March 16 2018
by Ben Mizes

Saving money on your energy bills can be a huge benefit, especially around winter time. With constantly fluctuating energy prices, aging doors and windows, and household budgets possibly getting tighter, any amount saved on your energy bill is a plus.

Weatherproofing can help lower your energy bill as well as improve the comfort of your home. Cold winter drafts aren’t always comfortable when you are trying to curl up in bed and fall asleep. Good weatherproofing can help you stay warm in the winter while simultaneously lowering your energy consumption.

Where Are the Drafts?

The U.S. Department of Energy recommends doing a visual inspection of your home first, looking for common areas that might experience drafts. Windows are one of the key areas you should focus on.

First, perform a visual inspection of your house inside and out. Look for areas where old caulk is starting to crack. Check for wear and tear around your windows. This will help you determine places that will need your attention.

After you perform a visual inspection, you can do another test to help you find additional drafts around your home:

1.  Close all the doors and windows in your home.

2.  Turn off any appliances that involve combustion, such as your stove, furnace, or hot water heater.

3.  Turn on the exhaust vents in your kitchen and bathroom. This will create a negative airflow in your house.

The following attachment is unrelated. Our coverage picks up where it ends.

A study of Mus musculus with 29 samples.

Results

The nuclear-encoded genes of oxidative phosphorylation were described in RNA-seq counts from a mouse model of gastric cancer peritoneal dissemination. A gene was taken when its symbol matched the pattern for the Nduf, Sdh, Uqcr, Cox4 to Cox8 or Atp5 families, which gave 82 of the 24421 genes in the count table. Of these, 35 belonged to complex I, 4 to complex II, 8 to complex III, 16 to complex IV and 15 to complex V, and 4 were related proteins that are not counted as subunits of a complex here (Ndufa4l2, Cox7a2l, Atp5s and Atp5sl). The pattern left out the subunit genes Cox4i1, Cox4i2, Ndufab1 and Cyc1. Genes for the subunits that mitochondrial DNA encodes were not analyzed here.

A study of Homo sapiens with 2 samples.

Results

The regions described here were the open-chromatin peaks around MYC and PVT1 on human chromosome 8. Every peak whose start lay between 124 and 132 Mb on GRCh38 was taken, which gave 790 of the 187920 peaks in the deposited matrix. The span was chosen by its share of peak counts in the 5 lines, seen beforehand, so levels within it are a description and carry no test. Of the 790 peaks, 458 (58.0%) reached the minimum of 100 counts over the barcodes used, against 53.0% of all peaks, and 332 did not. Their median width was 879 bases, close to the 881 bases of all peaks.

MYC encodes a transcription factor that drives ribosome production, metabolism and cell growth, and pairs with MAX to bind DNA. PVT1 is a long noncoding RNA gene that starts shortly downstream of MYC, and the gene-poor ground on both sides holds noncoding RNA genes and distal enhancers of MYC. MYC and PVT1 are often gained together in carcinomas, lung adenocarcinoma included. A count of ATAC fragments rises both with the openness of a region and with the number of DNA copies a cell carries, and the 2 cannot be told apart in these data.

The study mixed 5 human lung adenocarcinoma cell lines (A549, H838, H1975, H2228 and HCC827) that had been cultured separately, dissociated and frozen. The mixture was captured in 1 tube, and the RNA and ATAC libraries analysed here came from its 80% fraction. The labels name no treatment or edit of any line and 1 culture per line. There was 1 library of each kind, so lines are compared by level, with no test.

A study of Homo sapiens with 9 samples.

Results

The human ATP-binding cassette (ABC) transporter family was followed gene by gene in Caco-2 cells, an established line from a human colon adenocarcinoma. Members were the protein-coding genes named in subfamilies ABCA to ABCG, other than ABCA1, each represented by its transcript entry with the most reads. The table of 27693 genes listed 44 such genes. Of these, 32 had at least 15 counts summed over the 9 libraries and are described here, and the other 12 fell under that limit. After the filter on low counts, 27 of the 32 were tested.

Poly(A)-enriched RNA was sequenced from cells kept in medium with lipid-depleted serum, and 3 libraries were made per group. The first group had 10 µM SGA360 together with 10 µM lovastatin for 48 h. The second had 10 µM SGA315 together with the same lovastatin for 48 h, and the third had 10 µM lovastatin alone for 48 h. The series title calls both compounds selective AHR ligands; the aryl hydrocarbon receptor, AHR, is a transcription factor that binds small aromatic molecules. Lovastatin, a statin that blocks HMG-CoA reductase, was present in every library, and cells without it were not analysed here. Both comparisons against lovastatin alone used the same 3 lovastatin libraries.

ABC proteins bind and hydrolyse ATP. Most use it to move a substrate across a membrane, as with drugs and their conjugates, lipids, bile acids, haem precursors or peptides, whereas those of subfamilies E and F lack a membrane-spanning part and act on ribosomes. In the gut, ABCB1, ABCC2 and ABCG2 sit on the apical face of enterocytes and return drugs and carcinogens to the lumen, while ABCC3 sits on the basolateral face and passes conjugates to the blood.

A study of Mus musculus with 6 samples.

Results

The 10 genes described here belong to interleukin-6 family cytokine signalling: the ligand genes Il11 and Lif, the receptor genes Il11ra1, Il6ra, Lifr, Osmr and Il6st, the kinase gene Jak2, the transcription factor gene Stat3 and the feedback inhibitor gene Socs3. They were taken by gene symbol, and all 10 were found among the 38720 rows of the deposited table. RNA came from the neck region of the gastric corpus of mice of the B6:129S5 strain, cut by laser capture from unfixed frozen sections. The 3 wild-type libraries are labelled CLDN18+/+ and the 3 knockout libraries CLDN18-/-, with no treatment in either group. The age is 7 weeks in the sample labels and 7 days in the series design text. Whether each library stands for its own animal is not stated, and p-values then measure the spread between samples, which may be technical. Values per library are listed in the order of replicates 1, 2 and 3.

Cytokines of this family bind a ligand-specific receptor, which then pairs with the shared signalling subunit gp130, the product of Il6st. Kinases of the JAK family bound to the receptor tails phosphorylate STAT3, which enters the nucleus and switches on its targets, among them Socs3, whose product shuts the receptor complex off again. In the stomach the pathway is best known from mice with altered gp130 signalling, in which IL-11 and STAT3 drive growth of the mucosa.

4.  Light some incense and bring it around the areas that might be of concern. If there is an interruption in the smoke, this may indicate leakage.

If you want to do an additional test, you can use an infrared thermometer to find more areas that might be causing trouble.

How to Prep Windows for Weatherproofing

Preparing your windows for weatherproofing is relatively straightforward. Begin by cleaning your windows thoroughly with window cleaner and a lint-free cloth. Look at your windows to see if there are any parts of the frame that appear damaged, or if any of the panes in your windows are cracked. Make sure to resolve any of these issues before you begin weatherproofing.

Adding Weatherproofing Materials

1) Weatherstripping

The most common weatherproofing material you will encounter is weatherstripping. This is a self-adhesive material that goes around the seams of windows and doors to keep drafts out.

You can be generous when applying weatherstripping material. Be sure to apply it both on the inside and outside of the window. Also, make sure the surface where you are applying the weatherstripping is dry.

2) Film

Another option to consider is putting film over your window from the inside. You can buy the film, place it over the window with double-sided tape, and then use a hair dryer to shrink it into place.

Insulated Curtains

Insulated curtains can help keep the cold out in the winter without much effort. The only requirement is simply buying insulated curtains and replacing your current window coverings. Find some of these from a variety of local retailers or online and use them to keep your home better insulated.

How Often Should You Check for Drafts?

Checking your home for drafts should be done every year preferably during the summer. This helps ensure that you can address new problems as they arise and before winter sets in. If you are interested in making your home more energy efficient, the Department of Energy website has great tips as well as other ways to save money on your home energy expenses.

Looking for more information on recommended maintenance for your home?  Check out our DIY Home Inspection Checklist. Full-service, flat-fees – Now that’s Clever!